The Click beetle Lacon querceus (HERBST, 1784)
Text © Klaas Reißmann, 2010
The Click beetle Lacon querceus is probably one of the most beautiful representatives of the family Elateridae, but at the same time one of the
rarest species of the German fauna. Its natural range stretches from the Pyrenees in the southwest over France, Central Europe, and the northern
part of Southern Europe to Western Siberia in Russia. Throughout its whole range the species is not widespread, but occurs only insular and isolated.
Even in areas with known populations it is very difficult to provide evidence for the occurrence of the beetles due to their crepuscular and nocturnal
lifestyle and the fact, that the beetles stay in and on their brood substrate most of the time. The only record from England, the almost historic
1936-discovery by ALLEN from Windsor Forest, gives an idea how rare the species and how insular its distribution really is (the species is classified
as missing or extinct in England). There are records from the following European countries: France, England (only historical records - species missing
or extinct), Germany, Southern Sweden (historical), northern parts of Switzerland (historical), Italy, Austria (only in the east), Poland (historical),
Czech Republic, Slovakia, Slovenia, Bulgaria, Ukraine and Western Russia. Recent records from Germany are from Baden-Württemberg,
Hesse, Rhineland-Palatinate, Lower Saxony (Lower Elbe region), Brandenburg and Saxony. There are only historical records from Bavaria (before 1950),
Lower Saxony (Hannover region - before 1900) and Thuringia (before 1950). The species was never recorded from any other area in Germany.
Lacon querceus is one of a total of three species of the genus Lacon recorded from Germany. There are only historical records for the other two species, Lacon punctatus and Lacon lepidopterus, from the first half of the 20th century from Bavaria. Both species cannot be confused with Lacon querceus. But the very similar species Danosoma (Lacon) fasciata is still recorded from Bavaria, Saxony-Anhalt and Saxony and historically (before 1950) from Thuringia. The distinction between these two species is not easy, so that confusions are possible, but Danosoma fasciata is 14.5 to 18 mm large and therefore much bigger than Lacon querceus, which is only 9 to 12 mm large.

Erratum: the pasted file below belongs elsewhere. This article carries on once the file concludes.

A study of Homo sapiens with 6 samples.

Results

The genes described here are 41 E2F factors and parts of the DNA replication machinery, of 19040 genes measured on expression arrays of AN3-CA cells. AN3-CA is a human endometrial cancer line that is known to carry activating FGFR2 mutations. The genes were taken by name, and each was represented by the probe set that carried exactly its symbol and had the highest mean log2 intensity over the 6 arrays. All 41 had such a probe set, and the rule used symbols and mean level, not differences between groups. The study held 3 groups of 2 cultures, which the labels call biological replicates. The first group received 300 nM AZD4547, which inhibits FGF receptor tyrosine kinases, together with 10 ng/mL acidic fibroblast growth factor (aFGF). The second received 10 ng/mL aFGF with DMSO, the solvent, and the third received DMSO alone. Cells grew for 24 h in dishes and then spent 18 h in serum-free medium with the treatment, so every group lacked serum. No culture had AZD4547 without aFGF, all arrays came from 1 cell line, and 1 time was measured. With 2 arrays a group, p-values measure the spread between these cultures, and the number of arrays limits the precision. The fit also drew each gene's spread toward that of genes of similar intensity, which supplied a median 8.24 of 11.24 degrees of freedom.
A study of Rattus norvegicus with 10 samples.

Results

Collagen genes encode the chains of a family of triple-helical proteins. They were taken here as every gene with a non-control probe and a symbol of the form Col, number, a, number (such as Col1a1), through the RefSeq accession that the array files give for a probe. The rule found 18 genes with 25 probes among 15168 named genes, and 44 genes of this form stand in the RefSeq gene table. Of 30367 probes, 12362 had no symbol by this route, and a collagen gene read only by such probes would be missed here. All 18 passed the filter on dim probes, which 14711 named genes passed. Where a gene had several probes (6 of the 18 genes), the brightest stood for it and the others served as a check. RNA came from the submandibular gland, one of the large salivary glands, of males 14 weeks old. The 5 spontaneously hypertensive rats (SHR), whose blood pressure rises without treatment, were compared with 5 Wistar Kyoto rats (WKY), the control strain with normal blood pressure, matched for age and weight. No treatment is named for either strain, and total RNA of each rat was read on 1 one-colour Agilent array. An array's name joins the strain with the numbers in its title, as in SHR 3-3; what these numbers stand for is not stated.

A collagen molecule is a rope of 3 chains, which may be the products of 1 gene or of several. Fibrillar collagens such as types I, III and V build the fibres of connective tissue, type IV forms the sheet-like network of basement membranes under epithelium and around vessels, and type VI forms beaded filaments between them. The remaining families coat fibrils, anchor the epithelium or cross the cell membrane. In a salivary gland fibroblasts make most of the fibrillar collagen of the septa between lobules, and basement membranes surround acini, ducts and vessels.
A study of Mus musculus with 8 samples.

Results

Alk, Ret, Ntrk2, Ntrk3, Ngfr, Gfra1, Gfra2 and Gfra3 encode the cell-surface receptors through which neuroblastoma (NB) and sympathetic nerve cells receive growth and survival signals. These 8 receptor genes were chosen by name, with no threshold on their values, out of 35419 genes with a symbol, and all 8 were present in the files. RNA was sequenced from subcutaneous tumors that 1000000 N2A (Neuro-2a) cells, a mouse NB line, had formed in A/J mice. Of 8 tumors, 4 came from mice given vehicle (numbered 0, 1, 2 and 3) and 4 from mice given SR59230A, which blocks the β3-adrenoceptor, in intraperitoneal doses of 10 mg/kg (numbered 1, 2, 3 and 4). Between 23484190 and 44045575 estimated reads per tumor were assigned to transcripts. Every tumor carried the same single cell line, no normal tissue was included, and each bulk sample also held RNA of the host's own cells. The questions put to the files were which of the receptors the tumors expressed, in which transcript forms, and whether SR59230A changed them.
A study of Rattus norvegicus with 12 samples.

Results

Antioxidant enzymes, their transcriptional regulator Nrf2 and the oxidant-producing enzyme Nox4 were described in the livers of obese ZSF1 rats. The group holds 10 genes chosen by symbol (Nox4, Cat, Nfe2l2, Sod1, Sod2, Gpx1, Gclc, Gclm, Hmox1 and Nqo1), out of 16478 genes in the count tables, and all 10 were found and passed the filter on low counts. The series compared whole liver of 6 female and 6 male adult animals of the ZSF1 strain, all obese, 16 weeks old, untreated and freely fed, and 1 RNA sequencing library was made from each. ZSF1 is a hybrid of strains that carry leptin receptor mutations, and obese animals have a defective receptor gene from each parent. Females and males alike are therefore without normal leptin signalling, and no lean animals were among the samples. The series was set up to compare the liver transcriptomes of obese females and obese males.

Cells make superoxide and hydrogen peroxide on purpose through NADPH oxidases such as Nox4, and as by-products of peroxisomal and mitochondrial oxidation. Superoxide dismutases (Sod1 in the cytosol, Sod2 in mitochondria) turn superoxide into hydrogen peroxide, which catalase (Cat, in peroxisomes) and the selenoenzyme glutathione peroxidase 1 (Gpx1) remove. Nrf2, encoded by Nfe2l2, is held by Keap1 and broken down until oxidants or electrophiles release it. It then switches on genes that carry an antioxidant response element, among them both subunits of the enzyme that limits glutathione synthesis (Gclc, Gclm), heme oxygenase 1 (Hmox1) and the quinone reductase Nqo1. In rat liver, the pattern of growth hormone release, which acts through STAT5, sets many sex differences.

The three species of genus Lacon recorded in Germany (L. lepidopterus, L. punctatus, L. querceus) and Danosoma fasciata.
© Václav Dušánek, Josef Mertlik et al., www.elateridae.com, reproduction with written permission.
The larvae of Lacon querceus develop almost exclusively in red-rotted oak wood (Quercus). Whether the tree is alive with large dead branches
or it is a hollow tree which is red-rotted or the tree is already dead, still standing or even fallen does not seem to be too important.
However, living trees and rather dry brood substrates seem to be preferred. If lying trees or branches are in contact with the ground and
start getting moist the already existing larvae can finish their development, but the substrate is no longer used by the beetles and the
population disappears within a short period of time. All red-rotted structures can be populated, stumps as well as trunks and big branches.
The larvae of Lacon querceus are predacious, their predominant prey are the larvae of the fungus beetle Mycetophagus piceus and a few other
insect larvae. Hence the dependency of red-rotted wood is indirect.
It is quite difficult to observe the beetles. First of all, suitable structures like red-rotted hollow trees, red-rotted trunks, branches or
stumps should be identified. The larger dimensioned the substrate, the more likely it is to discover the beetles, because in the latter case the
population can be rather big and consist of several hundred individuals.
Because of its rarity the species is classified in the Red List of Germany as critically endangered.